What is a clinical study?

The aim of clinical research is to develop new medicines that help people live healthier more comfortable lives. To achieve this, researchers develop drugs that improve the treatment and prevention of diseases. Drug testing takes place in clinical studies.

During a clinical study, researchers find out whether an investigational drug is both effective in treating the disease and well tolerated.

Types of clinical studies

There are generally 4 phases of clinical research for any potential new drug. Each phase has a different purpose to help researchers answer different questions. Early phase studies (Phase 1 and 2) may look at whether a drug causes side effects, how much of the drug gets into the bloodstream, what effects the drug has on the body, and how the body processes the drug. Later phase studies (Phase 3) look at how effective the drug is in treating the condition and whether the drug is
well-tolerated for a longer period in a large population.

If a drug is proven to be effective and well-tolerated in large clinical studies, it may be approved by regulatory agencies (e.g., the FDA or the EMA) and made available to the public. Even if a drug is approved for use, it still needs to be monitored. During the final phase (Phase 4), researchers test how well the approved drug works over an even longer period of time.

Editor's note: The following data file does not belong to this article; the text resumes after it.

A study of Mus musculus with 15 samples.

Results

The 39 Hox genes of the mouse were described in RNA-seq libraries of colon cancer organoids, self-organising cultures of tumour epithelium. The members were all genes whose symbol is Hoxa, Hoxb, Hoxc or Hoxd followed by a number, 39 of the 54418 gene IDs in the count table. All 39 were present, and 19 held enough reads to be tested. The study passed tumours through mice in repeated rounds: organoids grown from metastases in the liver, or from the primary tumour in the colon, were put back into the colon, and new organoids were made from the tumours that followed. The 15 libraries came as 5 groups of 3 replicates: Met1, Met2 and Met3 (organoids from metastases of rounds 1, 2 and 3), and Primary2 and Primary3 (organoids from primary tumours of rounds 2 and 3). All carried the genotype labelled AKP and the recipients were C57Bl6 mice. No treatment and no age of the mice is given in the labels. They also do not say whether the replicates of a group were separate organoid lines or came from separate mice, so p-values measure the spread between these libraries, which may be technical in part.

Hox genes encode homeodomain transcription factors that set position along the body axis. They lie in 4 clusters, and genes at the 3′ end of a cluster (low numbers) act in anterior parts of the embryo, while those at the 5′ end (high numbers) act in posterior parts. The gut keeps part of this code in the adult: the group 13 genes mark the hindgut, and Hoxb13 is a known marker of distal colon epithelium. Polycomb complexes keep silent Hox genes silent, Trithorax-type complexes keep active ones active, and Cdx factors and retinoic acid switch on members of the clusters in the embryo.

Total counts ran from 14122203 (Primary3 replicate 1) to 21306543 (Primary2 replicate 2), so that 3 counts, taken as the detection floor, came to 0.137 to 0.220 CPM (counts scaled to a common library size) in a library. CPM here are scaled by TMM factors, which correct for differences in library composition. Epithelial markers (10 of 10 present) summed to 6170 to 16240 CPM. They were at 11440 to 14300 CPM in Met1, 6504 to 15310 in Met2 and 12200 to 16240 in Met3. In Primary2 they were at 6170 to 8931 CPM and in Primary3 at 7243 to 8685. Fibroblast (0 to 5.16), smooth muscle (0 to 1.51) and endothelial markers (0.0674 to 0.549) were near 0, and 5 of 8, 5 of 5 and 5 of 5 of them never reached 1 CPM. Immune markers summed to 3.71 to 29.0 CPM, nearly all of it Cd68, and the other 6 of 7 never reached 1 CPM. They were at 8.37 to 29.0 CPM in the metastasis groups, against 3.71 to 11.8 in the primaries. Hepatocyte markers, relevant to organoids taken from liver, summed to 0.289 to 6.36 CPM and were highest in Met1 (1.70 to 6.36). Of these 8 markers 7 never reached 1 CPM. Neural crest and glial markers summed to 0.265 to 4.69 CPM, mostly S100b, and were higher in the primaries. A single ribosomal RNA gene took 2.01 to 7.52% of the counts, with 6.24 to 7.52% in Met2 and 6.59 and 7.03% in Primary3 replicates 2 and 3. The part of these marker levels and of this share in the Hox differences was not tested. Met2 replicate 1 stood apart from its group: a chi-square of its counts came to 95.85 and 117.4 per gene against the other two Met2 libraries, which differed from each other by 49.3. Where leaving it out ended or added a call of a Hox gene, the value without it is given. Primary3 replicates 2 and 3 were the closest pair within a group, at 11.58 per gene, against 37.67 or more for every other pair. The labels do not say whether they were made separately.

The BE HEARD Study is in Phase 3.

Who is involved in clinical studies?

Clinical studies usually take place in medical clinics and/or hospitals. During a clinical study, you will be supported by a dedicated team of researchers, doctors and nurses. Each member of the study team is committed to your health and well-being. At each phase of drug development, government agencies check the results to see whether the drug can continue to the next phase.